Exotic Dancer Can Bring Overtime Claim in Court Despite Arbitration Agreement

In a recent ruling, the Third Circuit Court of Appeals concluded that an arbitration agreement did not prohibit an exotic dancer from pursuing her overtime and minimum wage claims in court.

Exotic Dancer Can Bring Wage and Hour Claim in CourtAlissa Moon worked at the Breathless Men’s Club, which is in Rahway, New Jersey.  The Club treated her as an independent contractor, rather than an employee.  In fact, she had to agree to rent space from the Club where she could perform, and signed an “Independent Dancer Rental Agreement” which expressly states that she is an independent contractor.

That agreement also includes the following arbitration provision:

In a dispute between Dancer and Club under this Agreement, either may request to resolve the dispute by binding arbitration. THIS MEANS THAT NEITHER PARTY SHALL HAVE THE RIGHT TO LITIGATE SUCH CLAIM IN COURT OR TO HAVE A JURY TRIAL—DISCOVERY AND APPEAL RIGHTS ARE LIMITED IN ARBITRATION. ARBITRATION MUST BE ON AN INDIVIDUAL BASIS. THIS MEANS NEITHER YOU NOR WE MAY JOIN OR CONSOLIDATE CLAIMS IN ARBITRATION, OR LITIGATE IN COURT OR ARBITRATE ANY CLAIMS AS A REPRESENTATIVE OR MEMBER OF A CLASS.

Ms. Moon filed a class action lawsuit in which she claimed the club improperly misclassified her and other exotic dancers as independent contractors rather than employees, and failed to pay them minimum wage and overtime, in violation of the Fair Labor Standards Act (“FLSA”), the New Jersey Wage and Hour Law (“NJWHL”) and the New Jersey Wage Payment Law (“NJWPL”).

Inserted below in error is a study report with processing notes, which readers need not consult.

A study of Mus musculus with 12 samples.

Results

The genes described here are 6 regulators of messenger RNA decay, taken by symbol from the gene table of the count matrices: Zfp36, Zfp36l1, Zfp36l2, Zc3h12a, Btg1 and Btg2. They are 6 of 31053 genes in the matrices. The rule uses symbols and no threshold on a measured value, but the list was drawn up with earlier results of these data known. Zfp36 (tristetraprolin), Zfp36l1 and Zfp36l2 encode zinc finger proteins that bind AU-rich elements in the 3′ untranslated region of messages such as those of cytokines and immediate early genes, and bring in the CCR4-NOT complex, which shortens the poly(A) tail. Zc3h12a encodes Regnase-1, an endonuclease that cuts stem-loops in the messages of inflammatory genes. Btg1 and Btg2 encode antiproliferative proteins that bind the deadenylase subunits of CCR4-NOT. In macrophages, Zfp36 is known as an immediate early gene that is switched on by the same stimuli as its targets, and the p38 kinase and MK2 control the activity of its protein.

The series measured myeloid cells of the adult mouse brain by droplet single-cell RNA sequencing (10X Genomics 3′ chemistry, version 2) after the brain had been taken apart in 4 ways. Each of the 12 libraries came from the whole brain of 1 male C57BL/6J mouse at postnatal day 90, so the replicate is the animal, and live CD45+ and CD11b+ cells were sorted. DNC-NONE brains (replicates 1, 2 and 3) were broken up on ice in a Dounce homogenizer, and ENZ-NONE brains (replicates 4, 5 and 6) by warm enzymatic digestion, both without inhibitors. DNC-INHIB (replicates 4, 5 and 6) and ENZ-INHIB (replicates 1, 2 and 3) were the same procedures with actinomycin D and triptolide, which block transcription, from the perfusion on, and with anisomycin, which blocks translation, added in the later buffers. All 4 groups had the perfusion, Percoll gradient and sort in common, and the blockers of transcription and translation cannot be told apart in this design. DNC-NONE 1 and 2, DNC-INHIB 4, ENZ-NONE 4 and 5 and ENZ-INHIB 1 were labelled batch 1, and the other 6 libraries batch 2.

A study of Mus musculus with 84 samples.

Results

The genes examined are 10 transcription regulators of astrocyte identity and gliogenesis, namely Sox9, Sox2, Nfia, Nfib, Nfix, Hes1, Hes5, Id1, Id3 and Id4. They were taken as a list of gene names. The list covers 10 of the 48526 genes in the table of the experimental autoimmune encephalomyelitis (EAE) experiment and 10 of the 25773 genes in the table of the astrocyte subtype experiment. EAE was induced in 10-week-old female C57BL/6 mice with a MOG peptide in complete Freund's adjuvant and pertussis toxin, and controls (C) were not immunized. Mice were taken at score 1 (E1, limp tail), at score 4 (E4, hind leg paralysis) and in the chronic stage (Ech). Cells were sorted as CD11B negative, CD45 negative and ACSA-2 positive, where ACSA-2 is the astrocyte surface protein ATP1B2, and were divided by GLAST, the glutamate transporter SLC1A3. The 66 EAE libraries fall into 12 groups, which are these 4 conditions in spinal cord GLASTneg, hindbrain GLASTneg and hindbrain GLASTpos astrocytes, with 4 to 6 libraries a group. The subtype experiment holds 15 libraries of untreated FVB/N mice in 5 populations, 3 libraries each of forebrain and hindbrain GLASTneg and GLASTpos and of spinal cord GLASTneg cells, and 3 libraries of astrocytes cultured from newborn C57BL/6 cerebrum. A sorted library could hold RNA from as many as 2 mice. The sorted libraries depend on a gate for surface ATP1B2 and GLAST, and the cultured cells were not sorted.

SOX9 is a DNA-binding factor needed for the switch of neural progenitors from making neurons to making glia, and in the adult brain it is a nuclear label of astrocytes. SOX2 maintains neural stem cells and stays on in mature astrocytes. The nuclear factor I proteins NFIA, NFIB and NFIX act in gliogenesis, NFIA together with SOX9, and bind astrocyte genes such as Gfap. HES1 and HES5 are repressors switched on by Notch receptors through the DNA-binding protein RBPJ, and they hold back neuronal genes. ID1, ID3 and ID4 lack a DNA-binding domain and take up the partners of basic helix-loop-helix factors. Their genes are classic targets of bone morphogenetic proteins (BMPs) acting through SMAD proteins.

The Club filed a motion to dismiss Ms. Moon’s case, claiming the arbitration clause prohibited her from bringing her case in court.  The District Court denied the motion, but gave the parties time to engage in limited discovery regarding whether the arbitration clause was enforceable.

After this limited discovery the Club moved for summary judgment, again arguing the arbitration provision required Ms. Moon to pursue her case through arbitration rather than in court.  This time, the District Court granted the Club’s motion and dismissed the case.  Ms. Moon appealed.

In Moon v. Breathless Inc., the Third Circuit reversed.  It first explained that under New Jersey law there is a presumption that a court, rather than an arbitrator, should decide whether the parties agreed to arbitrate a particular dispute.  Since it found no clear and unmistakable evidence that the parties agreed to let an arbitrator decide this issue, it ruled that it should decide whether the parties agreed to arbitrate Ms. Moon’s claims.

The Court then analyzed whether the arbitration provision in Ms. Moon’s Independent Dancer Rental Agreement required her to pursue her wage and hour claims through arbitration.  The Court explained that, under New Jersey law, to cover statutory claims like Ms. Moon’s FLSA, NJWHL and NJWPL claims, an arbitration clause has to do the following three things:

  1. Make it clear it applies to “all statutory claims arising out of the employment relationship or its termination”;
  2. Refer to the type of claims that must be arbitrated, such as by saying it governs all “workplace discrimination claims” or all “wage and hour claims”; and
  3. Explain the difference between arbitration and litigation, including making it clear the worker is waiving her right to a jury trial.

Applying that standard, the Third Circuit concluded that Ms. Moon had not agreed to arbitrate her wage and hour claims.  Specifically, it found that the arbitration clause only refers to disputes arising “under this Agreement” and does not state that it applies to statutory employment law claims or all claims relating to Ms. Moon’s employment.  Accordingly, it ruled that Ms. Moon has agreed to arbitrate claims of breach of contract, but not statutory claims like the minimum wage and overtime claims that she is asserting.  Accordingly, it ruled that Ms. Moon’s claims are not subject to arbitration, and reversed the District Court’s Order dismissing her case.